The Education Buildings Scotland Conference seeks to bring together different sectors across the learning estate to celebrate what works in re-thinking spaces for learning. It allows them to share insights on what’s possible to support improvement. A&DS has invited a number of design professionals to share their ideas. The focus of the blogs is on the voice of young people. In this blog Sophie Logan, Architect, Hoskins Architects, writes about the development of the Bridge Arts Centre and how it became a hub of learning and community participation.
The Bridge Arts Centre, Easterhouse, started life as a design competition for Glasgow City Council’s (GCC) new Easterhouse Cultural Campus, bringing together a range of facilities on a site nestled between the existing swimming pool and John Wheatley College. GCC understood that co-locating a range of facilities could potentially increase participation across a diverse range of learning opportunities, from swimming to literacy, from dance to learning a musical instrument. The Bridge opened in 2006 and has become a successful hub of learning and community participation within the east of Glasgow. Early and ongoing engagement with the vast range of user groups was key to this success, as it drew out information on what was important and allowed us to test our ideas and understanding of the site.
The new centre was to include an auditorium, rehearsal space, library, café and sound recording studios, all linked with the swimming pool and college buildings. The obvious solution would have been to create a new building, or a series of buildings, linked with a linear foyer space that connected each of the facilities. Through consultation with client and learner groups, it became apparent such a solution would only increase barriers to accessing facilities, rather than unlocking the benefits of them being located together.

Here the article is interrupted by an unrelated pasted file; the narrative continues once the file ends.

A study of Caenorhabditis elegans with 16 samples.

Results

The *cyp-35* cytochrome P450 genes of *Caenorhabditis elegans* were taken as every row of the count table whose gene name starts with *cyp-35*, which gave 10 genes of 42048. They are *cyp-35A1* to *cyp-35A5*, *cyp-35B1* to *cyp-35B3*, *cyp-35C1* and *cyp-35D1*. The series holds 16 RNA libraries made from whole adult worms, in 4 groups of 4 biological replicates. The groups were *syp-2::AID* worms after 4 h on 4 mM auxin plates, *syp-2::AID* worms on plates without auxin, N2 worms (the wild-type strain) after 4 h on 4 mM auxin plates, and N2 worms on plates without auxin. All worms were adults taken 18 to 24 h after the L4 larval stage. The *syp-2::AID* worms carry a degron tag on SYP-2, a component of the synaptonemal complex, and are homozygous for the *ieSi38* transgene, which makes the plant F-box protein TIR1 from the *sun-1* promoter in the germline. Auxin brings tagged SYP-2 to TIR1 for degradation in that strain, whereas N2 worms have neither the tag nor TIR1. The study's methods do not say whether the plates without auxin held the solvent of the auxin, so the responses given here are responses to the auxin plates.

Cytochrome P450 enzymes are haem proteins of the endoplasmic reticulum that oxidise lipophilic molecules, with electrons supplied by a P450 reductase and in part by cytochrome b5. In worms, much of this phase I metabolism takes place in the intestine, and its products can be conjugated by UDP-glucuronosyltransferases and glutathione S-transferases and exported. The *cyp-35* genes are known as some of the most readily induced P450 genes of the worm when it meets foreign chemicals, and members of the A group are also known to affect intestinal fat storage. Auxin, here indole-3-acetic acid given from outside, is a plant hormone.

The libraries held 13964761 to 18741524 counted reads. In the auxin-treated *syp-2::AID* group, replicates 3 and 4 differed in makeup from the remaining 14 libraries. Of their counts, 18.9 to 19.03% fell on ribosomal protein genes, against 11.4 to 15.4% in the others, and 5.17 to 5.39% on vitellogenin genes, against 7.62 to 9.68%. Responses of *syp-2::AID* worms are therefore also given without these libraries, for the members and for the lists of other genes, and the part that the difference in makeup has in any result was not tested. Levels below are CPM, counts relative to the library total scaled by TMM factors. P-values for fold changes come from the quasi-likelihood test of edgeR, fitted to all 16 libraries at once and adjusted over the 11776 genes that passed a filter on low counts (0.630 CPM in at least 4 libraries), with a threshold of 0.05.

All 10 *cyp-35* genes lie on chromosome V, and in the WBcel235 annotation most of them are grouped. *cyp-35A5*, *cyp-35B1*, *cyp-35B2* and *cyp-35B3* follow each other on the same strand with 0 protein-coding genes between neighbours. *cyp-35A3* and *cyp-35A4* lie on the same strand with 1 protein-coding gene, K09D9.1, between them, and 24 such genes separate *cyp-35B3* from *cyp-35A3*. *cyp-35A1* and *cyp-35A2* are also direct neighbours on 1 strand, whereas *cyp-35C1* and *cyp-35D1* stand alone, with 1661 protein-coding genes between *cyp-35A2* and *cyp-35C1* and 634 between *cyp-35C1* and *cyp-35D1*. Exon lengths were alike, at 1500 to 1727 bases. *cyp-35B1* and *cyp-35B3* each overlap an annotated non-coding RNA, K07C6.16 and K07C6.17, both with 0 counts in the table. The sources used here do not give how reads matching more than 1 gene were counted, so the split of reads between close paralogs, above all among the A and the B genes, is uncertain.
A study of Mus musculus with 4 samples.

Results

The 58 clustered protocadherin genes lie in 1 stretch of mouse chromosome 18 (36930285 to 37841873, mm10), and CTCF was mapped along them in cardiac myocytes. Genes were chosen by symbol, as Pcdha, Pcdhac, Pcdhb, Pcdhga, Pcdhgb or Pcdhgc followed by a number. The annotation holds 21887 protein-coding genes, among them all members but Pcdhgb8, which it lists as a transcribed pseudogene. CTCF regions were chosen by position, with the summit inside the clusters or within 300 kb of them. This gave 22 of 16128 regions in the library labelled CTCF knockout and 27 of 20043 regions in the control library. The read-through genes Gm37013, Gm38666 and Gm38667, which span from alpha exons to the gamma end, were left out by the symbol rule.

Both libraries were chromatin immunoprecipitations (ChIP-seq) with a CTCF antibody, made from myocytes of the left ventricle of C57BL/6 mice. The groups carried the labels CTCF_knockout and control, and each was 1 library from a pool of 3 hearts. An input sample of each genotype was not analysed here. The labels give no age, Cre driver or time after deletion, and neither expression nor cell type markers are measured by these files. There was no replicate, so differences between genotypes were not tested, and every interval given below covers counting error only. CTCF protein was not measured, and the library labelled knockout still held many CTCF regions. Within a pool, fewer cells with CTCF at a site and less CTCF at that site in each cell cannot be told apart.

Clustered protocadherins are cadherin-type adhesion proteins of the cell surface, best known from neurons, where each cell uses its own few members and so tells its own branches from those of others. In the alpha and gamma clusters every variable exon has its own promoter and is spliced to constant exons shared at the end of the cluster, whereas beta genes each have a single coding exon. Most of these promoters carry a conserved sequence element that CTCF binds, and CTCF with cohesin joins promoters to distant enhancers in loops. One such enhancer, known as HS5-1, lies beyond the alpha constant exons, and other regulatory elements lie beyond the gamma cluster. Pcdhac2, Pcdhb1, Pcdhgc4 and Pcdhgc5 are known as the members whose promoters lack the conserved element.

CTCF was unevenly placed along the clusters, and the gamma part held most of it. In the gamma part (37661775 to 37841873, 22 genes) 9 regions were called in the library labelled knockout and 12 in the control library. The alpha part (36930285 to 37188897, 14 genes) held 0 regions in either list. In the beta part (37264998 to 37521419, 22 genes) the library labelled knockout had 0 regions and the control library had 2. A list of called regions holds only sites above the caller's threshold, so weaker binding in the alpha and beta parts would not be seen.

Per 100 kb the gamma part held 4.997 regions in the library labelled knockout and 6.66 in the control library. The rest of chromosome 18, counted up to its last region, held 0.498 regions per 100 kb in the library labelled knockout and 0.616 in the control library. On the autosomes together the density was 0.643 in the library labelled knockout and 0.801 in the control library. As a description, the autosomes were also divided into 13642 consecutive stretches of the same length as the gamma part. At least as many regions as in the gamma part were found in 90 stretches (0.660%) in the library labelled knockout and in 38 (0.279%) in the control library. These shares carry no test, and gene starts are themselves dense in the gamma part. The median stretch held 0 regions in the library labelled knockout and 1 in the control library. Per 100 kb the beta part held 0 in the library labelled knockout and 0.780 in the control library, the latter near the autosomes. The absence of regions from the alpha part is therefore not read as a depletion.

Hub for Services
From our first visit to the site, we were struck by how well used the walking routes across it were, connecting different services and residential areas in the neighbourhood. It was also very clear that Easterhouse lacked a central focus. Through our consultation events, we were able to test these assumptions with a range of conceptual sketches and models that allowed everyone to share ideas and, with an excellent and thoroughly engaged client team, create a real sense of ownership for the new building. Those initial discussions informed the final concept which sought to link the different building functions and volumes with an intuitive flow of space.
Beneath an oversailing roof spanning between the auditorium volume and adjacent college, the library inhabits a series of stepped terraces, connected with gentle ramps that maintain the original routes through the site and make new connections with the college and swimming pool. The building has clearly defined functions, however, there are no preconceived ways in which the space must be used. The agile layout allows pre and post-performance gathering to happen naturally, alongside which there will be groups of students studying, reading, observing an exhibition on the ‘external’ wall of the auditorium or simply passing through on their way to meet a friend, or home from school (occasionally, though strictly against the rules, on a bike!).
The Bridge was one of our studio’s earliest projects and it has shaped the way we practice to this day. As a young practice, we were keen to engage with everyone; we were not in a position to reference a raft of other projects where we had ‘done this before’ and this turned out to be a clear strength. We didn’t attempt to impose our own preconceived ideas on a community who had much to teach us about their own experiences and neighbourhood, and the project was all the better as a result. We quickly came to understand that our most successful projects are positively shaped by listening to the people who will use them.
Twelve years on much has changed in the way in which community and education buildings are procured and built in the UK, and we now have a planning system that mandates engagement more widely with stakeholder groups, often within a matrix of defined outcomes. As a studio we work within this system but strive to create opportunities that enable everyone to engage in a way that allows us to draw out more than a ‘feeling’ of consultation; this process, developed organically over the 20 years since our studio was formed, helps us recognise the important moments that become embedded at the heart of an architectural concept. In turn, the people who joined in know that we truly listened and understood their ideas, and the result is the delivery of a building that truly belongs to the community.
Image (detail): Exterior of The Bridge Art Centre, Easterhouse by Andrew Lee.